Cuba, a fast-growing tourist destination in the Caribbean region, has several islets whose diversity attracts thousands of foreign vacationers every year.
In addition to the contribution made by emblematic destinations such as the beaches Vardero and Santa Lucía, Santiago de Cuba or nature tourism in Topes de Collantes or Elguea, Cuban keys complement the country's recreational options.
In that direction, Jardines del Rey (King's Gardens), the keys north of the eastern Cuban province of Ciego de Avila, is among fastest-growing destinations in the country.
Conqueror Diego Velázquez named the archipelago, consisting of Cayo Coco, Cayo Guillermo and Paredón Grande, after Spanish King Ferdinand the Catholic.
Cayo Coco is the fourth largest islet in the Cuban archipelago, covering an area of 370 square kilometers. Its main attraction is 22 kilometers of excellent beaches, complemented by mangrove and coconut trees.
The key takes its name from the White Ibis, a bird popularly known as Pájaro Coco (Coconut Bird).
The most popular beaches among tourists are Coloradas, Jaula and Flamencos. The region has several diving sites that can be compared to a huge aquarium.
Some 200 animal species live on the islet, including birds and reptiles such as iguanas, as well as more than 360 species of plants, many of which are endemic.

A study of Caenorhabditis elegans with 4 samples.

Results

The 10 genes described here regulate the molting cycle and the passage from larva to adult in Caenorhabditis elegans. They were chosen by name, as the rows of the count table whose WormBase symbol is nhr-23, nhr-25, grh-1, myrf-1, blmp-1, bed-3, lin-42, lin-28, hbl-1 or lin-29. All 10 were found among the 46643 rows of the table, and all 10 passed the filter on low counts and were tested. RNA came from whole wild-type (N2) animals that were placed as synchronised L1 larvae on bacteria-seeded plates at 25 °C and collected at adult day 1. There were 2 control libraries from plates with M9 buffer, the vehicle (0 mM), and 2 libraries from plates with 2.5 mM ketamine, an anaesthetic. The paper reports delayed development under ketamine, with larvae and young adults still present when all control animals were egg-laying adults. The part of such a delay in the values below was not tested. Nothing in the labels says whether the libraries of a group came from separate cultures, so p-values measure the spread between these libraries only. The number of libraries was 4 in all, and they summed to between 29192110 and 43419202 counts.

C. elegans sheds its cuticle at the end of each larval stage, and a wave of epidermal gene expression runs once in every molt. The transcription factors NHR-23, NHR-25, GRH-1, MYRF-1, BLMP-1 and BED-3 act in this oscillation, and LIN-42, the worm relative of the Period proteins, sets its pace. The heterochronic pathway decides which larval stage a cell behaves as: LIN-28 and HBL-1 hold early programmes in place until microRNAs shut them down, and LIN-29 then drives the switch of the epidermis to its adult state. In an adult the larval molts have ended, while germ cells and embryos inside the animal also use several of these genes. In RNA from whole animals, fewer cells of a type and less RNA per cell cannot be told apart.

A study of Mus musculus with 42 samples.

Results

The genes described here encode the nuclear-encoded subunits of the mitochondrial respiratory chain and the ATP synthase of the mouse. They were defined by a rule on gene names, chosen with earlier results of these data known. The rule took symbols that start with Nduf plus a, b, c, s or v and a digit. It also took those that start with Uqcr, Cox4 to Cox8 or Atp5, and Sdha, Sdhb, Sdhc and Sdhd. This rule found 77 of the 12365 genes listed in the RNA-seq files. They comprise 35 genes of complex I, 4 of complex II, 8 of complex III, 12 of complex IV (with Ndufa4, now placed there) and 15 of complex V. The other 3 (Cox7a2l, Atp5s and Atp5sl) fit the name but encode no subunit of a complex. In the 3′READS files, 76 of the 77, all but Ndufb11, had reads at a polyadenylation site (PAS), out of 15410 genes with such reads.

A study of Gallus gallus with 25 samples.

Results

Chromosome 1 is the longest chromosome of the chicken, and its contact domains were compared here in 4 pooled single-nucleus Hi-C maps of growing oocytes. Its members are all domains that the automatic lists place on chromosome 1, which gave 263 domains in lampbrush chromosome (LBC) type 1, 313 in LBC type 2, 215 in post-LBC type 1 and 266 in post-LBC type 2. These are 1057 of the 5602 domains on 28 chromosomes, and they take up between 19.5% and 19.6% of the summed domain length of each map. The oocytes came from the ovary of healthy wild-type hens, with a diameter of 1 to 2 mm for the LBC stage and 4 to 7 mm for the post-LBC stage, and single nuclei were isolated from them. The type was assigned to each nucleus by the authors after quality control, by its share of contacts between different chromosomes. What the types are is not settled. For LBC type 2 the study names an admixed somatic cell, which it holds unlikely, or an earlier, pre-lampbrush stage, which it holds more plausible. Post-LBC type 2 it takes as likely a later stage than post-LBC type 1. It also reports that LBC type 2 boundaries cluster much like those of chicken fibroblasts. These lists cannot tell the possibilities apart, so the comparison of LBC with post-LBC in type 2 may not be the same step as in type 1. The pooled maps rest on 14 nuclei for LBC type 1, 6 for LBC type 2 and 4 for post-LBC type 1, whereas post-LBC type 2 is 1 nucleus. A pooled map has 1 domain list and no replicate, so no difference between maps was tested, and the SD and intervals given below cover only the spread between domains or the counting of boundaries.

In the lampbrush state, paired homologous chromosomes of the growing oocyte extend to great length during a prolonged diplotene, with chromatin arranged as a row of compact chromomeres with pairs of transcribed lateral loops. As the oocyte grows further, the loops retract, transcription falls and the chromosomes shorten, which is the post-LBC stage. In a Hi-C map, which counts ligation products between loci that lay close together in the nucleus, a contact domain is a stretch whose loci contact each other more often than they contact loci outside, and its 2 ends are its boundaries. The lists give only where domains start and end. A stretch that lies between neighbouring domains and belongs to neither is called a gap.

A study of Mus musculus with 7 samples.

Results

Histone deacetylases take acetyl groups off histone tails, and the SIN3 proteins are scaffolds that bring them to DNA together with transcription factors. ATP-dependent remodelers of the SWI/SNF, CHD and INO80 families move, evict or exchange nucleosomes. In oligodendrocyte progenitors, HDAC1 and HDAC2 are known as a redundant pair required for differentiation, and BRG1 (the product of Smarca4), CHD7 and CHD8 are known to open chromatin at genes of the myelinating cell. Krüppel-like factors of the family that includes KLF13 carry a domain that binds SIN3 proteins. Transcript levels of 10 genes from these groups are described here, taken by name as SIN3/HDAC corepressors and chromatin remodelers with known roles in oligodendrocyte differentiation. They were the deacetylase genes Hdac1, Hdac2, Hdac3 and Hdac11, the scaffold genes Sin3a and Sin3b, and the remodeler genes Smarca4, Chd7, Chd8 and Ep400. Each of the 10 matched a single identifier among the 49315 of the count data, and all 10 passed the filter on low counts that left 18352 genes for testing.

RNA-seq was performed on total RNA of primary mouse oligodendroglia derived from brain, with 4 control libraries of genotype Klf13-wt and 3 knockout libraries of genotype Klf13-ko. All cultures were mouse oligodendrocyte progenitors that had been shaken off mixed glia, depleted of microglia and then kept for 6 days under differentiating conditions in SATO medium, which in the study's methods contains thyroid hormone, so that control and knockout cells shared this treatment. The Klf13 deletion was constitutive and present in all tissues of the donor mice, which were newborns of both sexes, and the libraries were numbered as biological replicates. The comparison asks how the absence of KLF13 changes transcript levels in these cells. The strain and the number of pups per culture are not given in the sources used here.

Cayo Coco has first-class hotels, artificial lakes, swimming pools and a wide range of recreational options and services in an environment that has barely been touched by human activity to guarantee an unforgettable stay.
The islet is linked to mainland by a causeway over the sea that starts in Turiguanó, in northern Ciego de Avila, famous for its lagoons, where trout fishing and its beautiful rural landscapes are major attractions.
The region's tourist infrastructure has grown rapidly. The goal is to have more than 20,000 hotel rooms, which are complemented by a modern airport, ports, nautical bases, natural parks and, of course, ecotourism.
The proximity to a 400-meter-long coral reef, which experts considered the world's second largest after the Australian Coral Reef, adds a touch of class to Jardines del Rey, an excellent place for scuba diving and snorkeling in warm crystal-clear waters.
Several colonies of flamingoes and other migratory birds choose the islets to nest, a situation that has been preserved by building a tourist infrastructure that respects the natural environment.